Iota, Kappa… Lambda!

Those new to Python can stumble on the humble lambda. It does seem odd, with it’s odd little syntax and it’s wee beady colons. What does it mean? Why does it look so odd? Let’s shed some light on it, shall we?

The lambda comes from Lambda Calculus, and is an integral part of two languages I claim to love, LISP and Scheme. Python took all its best stuff from these languages, and so it is only natural that lambda would be pilfered as well.

Lambda is a function that is not bound to a name. Most functions in Python follow this form:


def myFunction():
    pass

When you enter this code into the Python interpreter, it sets aside a string ‘myFunction’ and binds it to a piece of compiled code. Python is, in essence, a giant dictionary made up of other dictionaries, that map strings to pieces of code, or values, etc. Lambda is used when you want to manipulate small functions that don’t need cumbersome names and docstrings – small, temporary functions.

Much of the work lambda was doing has been replaced by list comprehensions. Before those, Python users relied on functions like filter(). For example, to get a list of even numbers from a list, one would could do the following:


>>> filter(lambda x: x % 2 == 0, xrange(9))
[0, 2, 4, 6, 8]

Much more convenient than writing out an isEven function, especially if you are only using it in one or two places. You can see how the list comprehension is similar, and, one could argue, cleaner:


>>> [x for x in xrange(9) if x % 2 == 0]
[0, 2, 4, 6, 8]

If you’ve messed around with lambda, you are probably aware it is not like a normal function. Lambda is an expression, which means you can’t declare variables, do complicated control statements or use a return statement. With lambda, the result of the function is immediately returned. Consider a simple example:


>>> addFive = lambda x: x + 5
>>> addFive(7)
12

Notice, the result of x + 5 is immediately returned – no assignment, no return statement. Lambda is often used to bind arguments to functions dynamically, where the result of the function is returned immediately.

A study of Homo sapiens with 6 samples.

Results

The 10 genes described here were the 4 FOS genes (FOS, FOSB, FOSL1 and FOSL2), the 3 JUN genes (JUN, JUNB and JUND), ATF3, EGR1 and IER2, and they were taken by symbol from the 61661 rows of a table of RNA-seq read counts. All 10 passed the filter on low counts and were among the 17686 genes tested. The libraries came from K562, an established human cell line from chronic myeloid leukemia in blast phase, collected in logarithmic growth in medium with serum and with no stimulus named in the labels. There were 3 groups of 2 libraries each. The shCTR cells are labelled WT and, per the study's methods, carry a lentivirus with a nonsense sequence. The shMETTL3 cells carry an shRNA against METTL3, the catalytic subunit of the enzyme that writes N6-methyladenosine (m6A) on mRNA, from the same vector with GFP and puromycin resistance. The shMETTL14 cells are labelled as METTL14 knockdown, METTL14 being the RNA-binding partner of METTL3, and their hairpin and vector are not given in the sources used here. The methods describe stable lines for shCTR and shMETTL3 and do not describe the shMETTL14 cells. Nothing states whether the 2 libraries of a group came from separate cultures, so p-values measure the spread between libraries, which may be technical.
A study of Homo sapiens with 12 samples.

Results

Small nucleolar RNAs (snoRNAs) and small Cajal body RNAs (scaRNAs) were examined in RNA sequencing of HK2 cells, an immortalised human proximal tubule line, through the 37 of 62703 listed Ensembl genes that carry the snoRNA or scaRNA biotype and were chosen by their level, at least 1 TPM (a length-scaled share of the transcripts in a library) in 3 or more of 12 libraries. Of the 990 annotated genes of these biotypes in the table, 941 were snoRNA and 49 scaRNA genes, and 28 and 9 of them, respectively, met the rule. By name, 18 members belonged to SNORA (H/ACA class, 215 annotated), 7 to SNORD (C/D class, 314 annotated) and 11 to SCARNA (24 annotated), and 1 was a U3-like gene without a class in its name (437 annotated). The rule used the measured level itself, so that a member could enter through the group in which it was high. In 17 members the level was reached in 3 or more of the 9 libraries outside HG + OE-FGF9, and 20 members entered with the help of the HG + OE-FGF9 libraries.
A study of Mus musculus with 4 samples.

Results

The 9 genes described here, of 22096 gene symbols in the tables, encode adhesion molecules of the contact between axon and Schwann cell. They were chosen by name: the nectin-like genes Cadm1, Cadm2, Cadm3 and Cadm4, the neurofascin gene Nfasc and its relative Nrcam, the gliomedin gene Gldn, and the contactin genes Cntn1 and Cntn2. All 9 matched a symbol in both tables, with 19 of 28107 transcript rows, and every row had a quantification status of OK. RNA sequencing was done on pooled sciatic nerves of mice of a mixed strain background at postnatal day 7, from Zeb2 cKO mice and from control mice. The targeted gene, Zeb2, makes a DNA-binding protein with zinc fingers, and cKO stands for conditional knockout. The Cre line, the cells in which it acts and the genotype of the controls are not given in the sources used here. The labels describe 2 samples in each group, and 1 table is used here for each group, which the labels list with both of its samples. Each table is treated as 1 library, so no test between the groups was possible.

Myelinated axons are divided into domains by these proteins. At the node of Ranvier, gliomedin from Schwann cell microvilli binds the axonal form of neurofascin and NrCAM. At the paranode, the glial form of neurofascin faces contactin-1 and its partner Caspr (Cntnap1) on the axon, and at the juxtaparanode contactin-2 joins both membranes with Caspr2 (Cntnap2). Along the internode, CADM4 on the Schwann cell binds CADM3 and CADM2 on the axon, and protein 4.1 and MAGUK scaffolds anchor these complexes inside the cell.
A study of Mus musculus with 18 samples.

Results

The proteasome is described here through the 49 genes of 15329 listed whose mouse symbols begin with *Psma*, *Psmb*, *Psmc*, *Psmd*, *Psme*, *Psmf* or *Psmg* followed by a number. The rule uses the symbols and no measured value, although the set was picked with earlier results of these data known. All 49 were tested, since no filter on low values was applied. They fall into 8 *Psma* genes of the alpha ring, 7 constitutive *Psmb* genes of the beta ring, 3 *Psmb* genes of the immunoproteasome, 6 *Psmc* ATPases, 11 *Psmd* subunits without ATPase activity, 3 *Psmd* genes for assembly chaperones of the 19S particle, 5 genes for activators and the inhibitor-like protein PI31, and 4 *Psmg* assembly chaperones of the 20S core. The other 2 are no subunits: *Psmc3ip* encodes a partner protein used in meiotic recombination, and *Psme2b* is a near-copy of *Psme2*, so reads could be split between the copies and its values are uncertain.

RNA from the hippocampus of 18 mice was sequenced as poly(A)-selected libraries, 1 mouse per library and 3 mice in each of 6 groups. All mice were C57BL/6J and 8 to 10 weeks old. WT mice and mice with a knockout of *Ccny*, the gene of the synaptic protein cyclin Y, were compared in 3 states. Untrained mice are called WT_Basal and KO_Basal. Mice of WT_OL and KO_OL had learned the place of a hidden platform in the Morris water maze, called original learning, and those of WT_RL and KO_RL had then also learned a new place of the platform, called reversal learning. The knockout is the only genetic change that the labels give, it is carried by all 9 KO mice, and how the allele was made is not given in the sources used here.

I often use lambda as a predicate for a function that acts like filter(). Consider a function that find all files for which a predicate returns true:


import os

def find(root, pred=lambda x: True):
    root = os.path.abspath(root)
    result = []
    def _tm(dr, pred, output):
        for i in os.listdir(dr):            
            pl = os.path.join(dr, i)
            if pred(pl):
                output.append(pl)
            if os.path.isdir(pl):
                _tm(pl, pred, output)
    _tm(root, pred, result)
    return result


if __name__ == '__main__':
    for t in find('c:/Users/user/Documents/maya', pred=lambda x: x.endswith('.mel')):
        print(t)

The lambda is a default argument that simplifies the coding – you can always just call the predicate function in the code, so less branching and possible code errors.

It can be used for binding partial arguments, but functools.partial handles that and is a bit more conventional Python.

Lambda is useful in conjunction with Python’s various sort methods where it can serve as a key or cmp function – this is handy when, say, sorting the items in a dict by value:


dct = {'test_a' : 3,
       'test_b' : 1,
       'test_c' : 2}

>>> for k in sorted(dct.items(), key=lambda x: x[1]):
...     print(k)

('test_b', 1)
('test_c', 2)
('test_a', 3)

Lambda and Class Properties

Python properties are an area where lambda can play a role. Consider properties inherited by derived classes:


class A(object):
    @property
    def data(self):
        return 'A'

class B(A):
    def data(self):
        return 'B'

The flaw in this becomes evident when the property is accessed.


>>> a = A()
>>> print('a: %s' % a.data)
a: A

>>> b = B()
>>> print('b: %s' % b.data)
b: <bound method B.data of <__main__.B object at 0x00000000023B15C0>>

B’s data method needs the @property decorator to work, but that seems to be non-intuitive with regard to how inheritance works. The property still doesn’t give me what I’m looking for:


class A(object):
    def getData(self):
        return 'A'

    data = property(getData)

class B(A):
    def getData(self):
        return 'B'


>>> b = B()
>>> print('b: %s' % b.data)
A

In this situation, lambda comes through:


class A(object):
    def getData(self):
        return 'A'

    data = property(lambda self: self.getData())

class B(A):
    def getData(self):
        return 'B'

>>> b = B()
>>> print('b: %s' % b.data)
B

This does the trick – because the property is bound to the class, the first method passed to the class is self, and self is an instance of the derived class, so the derived getData method will be called. The property can be updated to call a derived setter, as well, if there was a setData method.

The Moral of the Story
Lambda is useful for creating simple functions that evaluate expressions that can be used to perform simple calculations or compose other function calls on the fly. While many of its most common uses have been supplanted by list comprehensions, it is still a handy tool to have in the toolbox.